Wet Plate Portraits

It has been a little while since my last post and I do apologise. I hope you all had a great Easter weekend! My folks came over to visit us in Cambridge and I think we have seen and done more over the course of 3 days than we would normally in a month. Especially the R.A.F. base in Duxford was a great day out, but I might tell you more about that on another occasion.

Since my portrait session with Chris I have been inspired to get some practice in, and I have been asking people to sit for portraits. I am now up to a half-way point for the people I still have on my list and the results have been interesting. Some good and some… not so good. I had a light leak in my main plate holder that took me a while to find, resulting in light streaks on the plates. The sitters were a little varied in understanding what was expected of them – but I am proud of all of them for putting up with me 😉

Rui and Krisztina were both photographed in the same position near our front door, using a small metal garden chair, an old Victorian library table for support and a mid grey background. They were photographed on different days, and the overcast skies on the day I shot Rui were preferred for the final results. I had some trouble keeping the sun spots of Krisztina’s face and kept putting her in different positions to aid that. Both were photographed using my antique reproduction camera, using a no-name brass lens. Exposure times were between 7 and 12 seconds at roughly f5.6.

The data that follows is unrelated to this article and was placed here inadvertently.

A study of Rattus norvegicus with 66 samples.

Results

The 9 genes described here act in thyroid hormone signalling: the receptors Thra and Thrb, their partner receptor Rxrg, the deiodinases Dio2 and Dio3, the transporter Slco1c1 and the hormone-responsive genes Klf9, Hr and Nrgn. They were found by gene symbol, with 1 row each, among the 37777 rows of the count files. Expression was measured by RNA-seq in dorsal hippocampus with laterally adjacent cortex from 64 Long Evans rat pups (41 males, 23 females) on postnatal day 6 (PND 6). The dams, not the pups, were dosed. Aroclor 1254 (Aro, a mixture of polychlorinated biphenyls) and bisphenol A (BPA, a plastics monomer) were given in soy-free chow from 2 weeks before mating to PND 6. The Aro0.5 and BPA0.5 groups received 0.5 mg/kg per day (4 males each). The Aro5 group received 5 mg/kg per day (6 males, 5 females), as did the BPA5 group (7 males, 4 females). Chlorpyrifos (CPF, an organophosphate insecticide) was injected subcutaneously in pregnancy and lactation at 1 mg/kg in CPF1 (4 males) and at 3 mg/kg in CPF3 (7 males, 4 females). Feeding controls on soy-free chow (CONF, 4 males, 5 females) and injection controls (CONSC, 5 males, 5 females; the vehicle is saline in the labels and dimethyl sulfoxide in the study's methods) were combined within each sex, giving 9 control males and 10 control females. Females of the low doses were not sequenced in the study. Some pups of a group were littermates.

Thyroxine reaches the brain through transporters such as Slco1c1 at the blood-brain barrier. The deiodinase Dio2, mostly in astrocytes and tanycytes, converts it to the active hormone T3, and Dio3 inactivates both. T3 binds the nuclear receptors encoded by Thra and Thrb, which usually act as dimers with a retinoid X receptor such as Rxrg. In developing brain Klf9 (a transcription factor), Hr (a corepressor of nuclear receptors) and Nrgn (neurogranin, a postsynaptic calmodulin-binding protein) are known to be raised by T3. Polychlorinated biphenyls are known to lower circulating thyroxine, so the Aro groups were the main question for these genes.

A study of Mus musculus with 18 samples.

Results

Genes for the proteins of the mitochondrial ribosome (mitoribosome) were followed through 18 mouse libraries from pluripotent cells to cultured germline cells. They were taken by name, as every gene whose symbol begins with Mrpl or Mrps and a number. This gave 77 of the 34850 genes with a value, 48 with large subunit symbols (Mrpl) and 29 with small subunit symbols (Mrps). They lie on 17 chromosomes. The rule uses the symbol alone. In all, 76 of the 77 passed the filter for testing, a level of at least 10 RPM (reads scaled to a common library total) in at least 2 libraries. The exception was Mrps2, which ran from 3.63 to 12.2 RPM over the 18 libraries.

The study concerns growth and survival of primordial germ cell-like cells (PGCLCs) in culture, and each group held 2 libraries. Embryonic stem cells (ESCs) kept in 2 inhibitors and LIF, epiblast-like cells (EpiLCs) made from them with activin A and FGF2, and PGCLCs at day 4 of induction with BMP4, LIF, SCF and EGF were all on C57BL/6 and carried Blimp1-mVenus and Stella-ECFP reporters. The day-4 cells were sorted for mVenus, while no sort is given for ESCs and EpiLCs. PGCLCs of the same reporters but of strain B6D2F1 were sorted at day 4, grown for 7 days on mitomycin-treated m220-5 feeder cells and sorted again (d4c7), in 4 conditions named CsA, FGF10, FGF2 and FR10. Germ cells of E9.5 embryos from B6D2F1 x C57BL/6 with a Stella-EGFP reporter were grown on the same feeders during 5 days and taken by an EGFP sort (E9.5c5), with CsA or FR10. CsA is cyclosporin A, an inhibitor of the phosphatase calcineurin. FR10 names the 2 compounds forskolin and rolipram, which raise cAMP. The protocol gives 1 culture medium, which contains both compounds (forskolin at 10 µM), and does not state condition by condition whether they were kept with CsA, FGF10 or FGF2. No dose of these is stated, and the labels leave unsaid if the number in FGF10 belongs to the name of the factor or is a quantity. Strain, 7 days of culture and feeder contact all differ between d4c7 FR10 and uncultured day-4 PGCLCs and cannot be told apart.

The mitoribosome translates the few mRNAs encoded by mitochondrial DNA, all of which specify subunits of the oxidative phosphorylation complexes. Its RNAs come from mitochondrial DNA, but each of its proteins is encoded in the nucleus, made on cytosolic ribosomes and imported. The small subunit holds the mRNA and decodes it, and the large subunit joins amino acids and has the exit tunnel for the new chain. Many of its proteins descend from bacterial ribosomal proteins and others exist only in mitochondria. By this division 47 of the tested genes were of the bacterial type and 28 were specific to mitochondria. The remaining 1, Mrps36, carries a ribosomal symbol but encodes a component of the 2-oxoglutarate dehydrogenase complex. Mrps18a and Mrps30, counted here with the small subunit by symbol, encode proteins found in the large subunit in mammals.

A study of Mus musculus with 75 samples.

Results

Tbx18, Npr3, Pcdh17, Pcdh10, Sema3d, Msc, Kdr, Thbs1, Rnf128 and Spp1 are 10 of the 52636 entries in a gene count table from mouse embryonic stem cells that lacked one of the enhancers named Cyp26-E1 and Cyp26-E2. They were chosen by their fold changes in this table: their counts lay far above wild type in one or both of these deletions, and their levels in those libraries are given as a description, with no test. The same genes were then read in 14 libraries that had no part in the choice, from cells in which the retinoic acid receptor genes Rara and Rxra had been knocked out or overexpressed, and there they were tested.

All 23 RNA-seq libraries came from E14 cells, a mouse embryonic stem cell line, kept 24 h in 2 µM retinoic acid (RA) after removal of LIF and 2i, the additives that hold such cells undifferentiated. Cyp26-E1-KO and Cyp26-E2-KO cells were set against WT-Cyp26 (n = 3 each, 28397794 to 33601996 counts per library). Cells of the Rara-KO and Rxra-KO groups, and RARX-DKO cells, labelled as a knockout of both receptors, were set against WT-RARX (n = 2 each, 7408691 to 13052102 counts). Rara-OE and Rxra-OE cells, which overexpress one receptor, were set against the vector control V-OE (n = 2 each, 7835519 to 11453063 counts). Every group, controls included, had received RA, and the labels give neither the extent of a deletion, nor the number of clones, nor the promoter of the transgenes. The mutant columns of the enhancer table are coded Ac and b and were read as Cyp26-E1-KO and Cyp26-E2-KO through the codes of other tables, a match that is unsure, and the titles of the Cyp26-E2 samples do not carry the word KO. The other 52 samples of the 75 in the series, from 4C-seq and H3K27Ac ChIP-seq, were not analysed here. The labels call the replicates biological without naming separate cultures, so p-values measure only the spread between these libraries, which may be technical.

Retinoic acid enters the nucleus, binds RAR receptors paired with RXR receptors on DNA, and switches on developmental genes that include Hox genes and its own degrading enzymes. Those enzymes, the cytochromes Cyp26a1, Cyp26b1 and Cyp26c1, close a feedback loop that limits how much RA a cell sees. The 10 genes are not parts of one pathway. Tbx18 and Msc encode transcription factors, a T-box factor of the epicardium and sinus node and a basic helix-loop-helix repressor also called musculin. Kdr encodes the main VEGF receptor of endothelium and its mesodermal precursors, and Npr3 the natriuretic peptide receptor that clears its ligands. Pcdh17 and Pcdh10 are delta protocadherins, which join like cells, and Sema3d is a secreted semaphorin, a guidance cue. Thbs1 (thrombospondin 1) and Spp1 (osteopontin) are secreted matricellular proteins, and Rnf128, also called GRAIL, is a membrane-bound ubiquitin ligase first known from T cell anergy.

Sanchari’s face had to be shielded with a transparent reflector, and we can tell where we had some clouds before the sun – I did not think of using the reflector then and the contrast shot right up. The lines on her plates are a light leak (the long stripe) and developing lines (the watery waves) and I don’t really like where they ended up, near her eyes and forehead. It is quite amusing to know that the blouse she was wearing was a normal modern day blouse, but on the plates it turned right into period wear!

Both were photographed using my antique reproduction camera, using a Rodenstock 320mm lens. Exposure times were between 8 and 14 seconds on f5.6 and f8, apart from the one of 80 seconds on f22.